Evan Granoff, owner of The Arcade Providence, thinks so and aims to prove himself, as well as those behind him in the effort, right when the building’s transformation – from a vacant reminder of its former glory as a city centerpiece to an innovator in downtown housing – is completed later this year.
The Arcade, once the nation’s oldest operating indoor shopping mall and, since it was built in 1828 one of the city’s most architecturally renowned buildings, will soon reopen as a micro-loft apartment and retail building.
“It’s a market that hasn’t really been addressed and works in that building very well,” said Granoff, of Granoff Associates LLC. “It was meant to [have] very small units. Keeping it that way is just very natural.”
The Arcade has been empty since June 2008, when Granoff announced it would undergo an $8 million, yearlong renovation to position the building for a better economic future.
(That plan was backed by a 22 percent Historic Preservation Income Tax credit.)
It was around that time that Granoff hired Michael Abbott of Northeast Collaborative Architects LLC, with offices in Newport and Providence, as well as Middletown, Conn., to facilitate the redesign.
Abbott has worked on such well-known projects as the Slater Mill historic renovation in North Smithfield and the Providence Performing Arts Center restoration.
The mixed-used plan was announced last January and immediately heralded by city and state officials and civic leaders as the right move at the right time for downtown.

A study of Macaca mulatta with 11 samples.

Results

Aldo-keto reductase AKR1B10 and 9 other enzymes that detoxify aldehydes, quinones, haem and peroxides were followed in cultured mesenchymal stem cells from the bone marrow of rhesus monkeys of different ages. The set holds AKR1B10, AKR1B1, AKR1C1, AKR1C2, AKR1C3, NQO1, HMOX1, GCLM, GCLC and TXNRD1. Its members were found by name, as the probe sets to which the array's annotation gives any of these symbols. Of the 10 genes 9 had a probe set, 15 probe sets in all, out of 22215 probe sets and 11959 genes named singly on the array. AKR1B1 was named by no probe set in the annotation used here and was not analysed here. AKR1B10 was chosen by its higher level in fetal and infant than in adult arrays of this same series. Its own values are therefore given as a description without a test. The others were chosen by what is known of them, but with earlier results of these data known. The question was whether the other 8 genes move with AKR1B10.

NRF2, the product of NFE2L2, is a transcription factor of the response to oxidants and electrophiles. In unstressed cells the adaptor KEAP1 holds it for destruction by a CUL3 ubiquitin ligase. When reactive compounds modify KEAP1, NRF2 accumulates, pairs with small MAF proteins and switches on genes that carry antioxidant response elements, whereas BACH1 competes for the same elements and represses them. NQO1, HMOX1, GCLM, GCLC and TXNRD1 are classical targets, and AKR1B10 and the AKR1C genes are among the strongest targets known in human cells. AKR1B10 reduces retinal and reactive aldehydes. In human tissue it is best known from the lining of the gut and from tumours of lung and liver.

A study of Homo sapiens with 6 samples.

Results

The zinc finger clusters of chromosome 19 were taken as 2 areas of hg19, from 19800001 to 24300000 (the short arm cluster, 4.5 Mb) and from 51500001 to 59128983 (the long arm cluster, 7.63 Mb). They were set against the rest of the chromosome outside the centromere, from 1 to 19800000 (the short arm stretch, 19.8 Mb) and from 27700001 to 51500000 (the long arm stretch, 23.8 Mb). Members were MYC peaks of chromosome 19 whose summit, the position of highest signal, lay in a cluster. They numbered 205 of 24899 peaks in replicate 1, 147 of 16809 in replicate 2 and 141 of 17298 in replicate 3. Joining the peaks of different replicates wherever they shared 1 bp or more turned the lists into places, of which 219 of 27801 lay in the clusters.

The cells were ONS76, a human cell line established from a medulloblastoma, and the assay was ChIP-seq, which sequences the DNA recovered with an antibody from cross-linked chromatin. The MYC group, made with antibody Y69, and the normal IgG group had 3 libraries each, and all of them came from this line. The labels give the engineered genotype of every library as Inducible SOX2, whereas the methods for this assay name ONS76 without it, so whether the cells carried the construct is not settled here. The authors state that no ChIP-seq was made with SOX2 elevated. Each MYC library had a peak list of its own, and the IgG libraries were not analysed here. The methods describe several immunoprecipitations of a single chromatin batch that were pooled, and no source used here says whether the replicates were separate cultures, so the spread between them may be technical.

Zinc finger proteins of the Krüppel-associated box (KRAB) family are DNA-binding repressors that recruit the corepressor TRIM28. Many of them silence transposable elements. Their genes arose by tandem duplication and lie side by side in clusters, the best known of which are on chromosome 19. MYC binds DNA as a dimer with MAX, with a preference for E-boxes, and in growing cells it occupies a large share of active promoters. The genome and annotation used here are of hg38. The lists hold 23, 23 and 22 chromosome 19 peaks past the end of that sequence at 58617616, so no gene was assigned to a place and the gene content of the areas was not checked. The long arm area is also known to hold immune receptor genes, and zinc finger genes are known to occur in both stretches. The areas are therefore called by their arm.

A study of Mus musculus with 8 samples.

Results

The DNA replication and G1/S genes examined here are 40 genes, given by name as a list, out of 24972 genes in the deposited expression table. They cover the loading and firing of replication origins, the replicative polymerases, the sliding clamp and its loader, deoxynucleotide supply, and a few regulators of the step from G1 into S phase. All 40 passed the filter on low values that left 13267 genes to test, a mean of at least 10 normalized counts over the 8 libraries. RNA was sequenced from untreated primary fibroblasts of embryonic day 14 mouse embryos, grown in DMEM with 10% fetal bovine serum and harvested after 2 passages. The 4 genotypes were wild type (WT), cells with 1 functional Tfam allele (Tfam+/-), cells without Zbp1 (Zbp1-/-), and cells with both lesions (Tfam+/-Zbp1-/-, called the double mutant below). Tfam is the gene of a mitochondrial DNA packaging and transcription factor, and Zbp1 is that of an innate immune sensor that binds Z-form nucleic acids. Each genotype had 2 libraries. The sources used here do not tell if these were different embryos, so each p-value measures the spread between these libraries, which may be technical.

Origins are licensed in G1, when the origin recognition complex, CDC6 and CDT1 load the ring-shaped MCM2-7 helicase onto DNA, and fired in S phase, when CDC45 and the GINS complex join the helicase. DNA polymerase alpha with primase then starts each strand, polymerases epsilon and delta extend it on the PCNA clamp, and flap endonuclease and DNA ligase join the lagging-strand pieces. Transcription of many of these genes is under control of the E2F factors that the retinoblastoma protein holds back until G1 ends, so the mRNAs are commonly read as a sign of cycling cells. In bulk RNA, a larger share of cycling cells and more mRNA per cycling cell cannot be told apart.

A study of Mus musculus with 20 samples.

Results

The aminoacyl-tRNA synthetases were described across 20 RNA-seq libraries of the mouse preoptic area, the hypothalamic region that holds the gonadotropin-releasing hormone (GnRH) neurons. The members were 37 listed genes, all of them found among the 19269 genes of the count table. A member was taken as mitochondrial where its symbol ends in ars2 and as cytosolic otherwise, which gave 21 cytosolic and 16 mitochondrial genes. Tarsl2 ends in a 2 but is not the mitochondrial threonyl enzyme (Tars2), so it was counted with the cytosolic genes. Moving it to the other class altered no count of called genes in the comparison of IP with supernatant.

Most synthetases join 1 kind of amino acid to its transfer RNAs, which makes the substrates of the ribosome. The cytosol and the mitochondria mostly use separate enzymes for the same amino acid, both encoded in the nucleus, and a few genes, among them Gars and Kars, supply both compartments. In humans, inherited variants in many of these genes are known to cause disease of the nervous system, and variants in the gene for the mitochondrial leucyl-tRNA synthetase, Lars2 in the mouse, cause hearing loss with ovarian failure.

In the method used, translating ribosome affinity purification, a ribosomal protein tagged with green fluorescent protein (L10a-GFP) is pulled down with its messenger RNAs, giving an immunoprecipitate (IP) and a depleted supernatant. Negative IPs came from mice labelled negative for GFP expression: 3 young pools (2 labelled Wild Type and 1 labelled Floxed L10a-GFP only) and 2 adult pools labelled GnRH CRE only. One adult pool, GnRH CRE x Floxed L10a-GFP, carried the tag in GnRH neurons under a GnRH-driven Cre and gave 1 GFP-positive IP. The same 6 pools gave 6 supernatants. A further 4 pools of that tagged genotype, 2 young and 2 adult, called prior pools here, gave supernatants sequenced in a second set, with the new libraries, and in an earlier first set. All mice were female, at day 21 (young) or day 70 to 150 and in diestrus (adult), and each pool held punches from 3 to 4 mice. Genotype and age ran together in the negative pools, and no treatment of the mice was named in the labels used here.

“It took a while to plan it all out, go through everything, and figure out what we were going to do,” Abbott said. “It’s been rehabbed many times. Micro-lofts was a new idea. Residential up above kicked it over the goal line and got it off the ground.”
When it opens – which Granoff hopes will happen by year’s end – the building will house 48 apartment units on its second and third floors and approximately 14 businesses, including three or four restaurants, on its first floor.
By sticking with small spaces, Abbott said, the building will be in truer form to its original 1828 design than ever.
“It’s allowing us basically to put the building back to what it was when it was built,” he said. “They were individual rooms that were tiny. We’re actually creating more of the streetscape [feel] that was inside.”